PC maker Gateway has joined up with America Online (AOL) to roll out a range of inexpensive consumer appliances designed to facilitate easy access to the internet from every room in the house.
Gateway is the first of a number of companies to launch devices built on Netscape's Gecko, which forms the core of AOL's Netscape 6.0 internet browser. IBM, Nokia, Intel, Sun, Redhat, Netobjects and Liberate have all confirmed that they are also building appliances based on the technology.
Peter Ashkin, Gateway's chief technology officer, showed off three initial consumer devices at Internet World 2000 in Los Angeles yesterday that will all run the Linux operating system and be powered by Gecko. The devices comprise a countertop appliance, a webpad and a cut price internet terminal.
"The number one reason people buy PCs is to experience the internet. These devices will add to the convenience of their PCs and give them access to services from anywhere in the home," Ashkin claimed.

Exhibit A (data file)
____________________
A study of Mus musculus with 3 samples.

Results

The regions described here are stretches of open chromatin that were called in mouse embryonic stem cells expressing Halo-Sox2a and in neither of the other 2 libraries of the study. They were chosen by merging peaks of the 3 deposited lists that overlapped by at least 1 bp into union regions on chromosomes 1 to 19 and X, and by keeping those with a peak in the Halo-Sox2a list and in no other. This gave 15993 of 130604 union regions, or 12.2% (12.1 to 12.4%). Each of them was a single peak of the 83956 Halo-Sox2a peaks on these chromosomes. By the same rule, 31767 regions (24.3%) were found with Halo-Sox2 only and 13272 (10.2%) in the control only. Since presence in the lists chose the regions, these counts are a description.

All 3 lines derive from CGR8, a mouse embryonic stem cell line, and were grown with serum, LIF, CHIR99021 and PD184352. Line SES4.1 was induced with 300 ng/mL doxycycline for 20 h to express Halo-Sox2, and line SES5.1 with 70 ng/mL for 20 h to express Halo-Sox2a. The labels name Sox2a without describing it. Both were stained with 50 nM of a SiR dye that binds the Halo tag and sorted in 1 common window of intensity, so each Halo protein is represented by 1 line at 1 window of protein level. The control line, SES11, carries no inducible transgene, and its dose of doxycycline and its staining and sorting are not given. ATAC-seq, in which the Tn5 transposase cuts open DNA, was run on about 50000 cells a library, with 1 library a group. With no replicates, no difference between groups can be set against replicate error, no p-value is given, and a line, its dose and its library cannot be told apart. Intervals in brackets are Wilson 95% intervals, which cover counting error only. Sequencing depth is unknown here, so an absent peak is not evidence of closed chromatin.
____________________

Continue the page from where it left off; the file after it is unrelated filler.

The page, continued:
Steve Case, AOL's chief executive, added: "These new initiatives are part of our 'AOL anywhere' strategy of embedding the efficiency and convenience of the internet into people's everyday lives."
The devices are expected to cost less than $500 each. The countertop appliance comes with a touch panel screen, stylus and wireless keyboard, and will ship in the US this autumn.
The webpad, which comes with a base station and includes a digital camera and multimedia speakers, will go on sale in 2001 as will the internet terminal. This is intended to make it very cheap for users to access the internet.
At the same time, Gateway and Compaq also announced that they would ship Netscape 6.0 as standard on their PCs from this autumn. Kodak likewise plans to distribute Netscape 6.0 as part of its CD programme.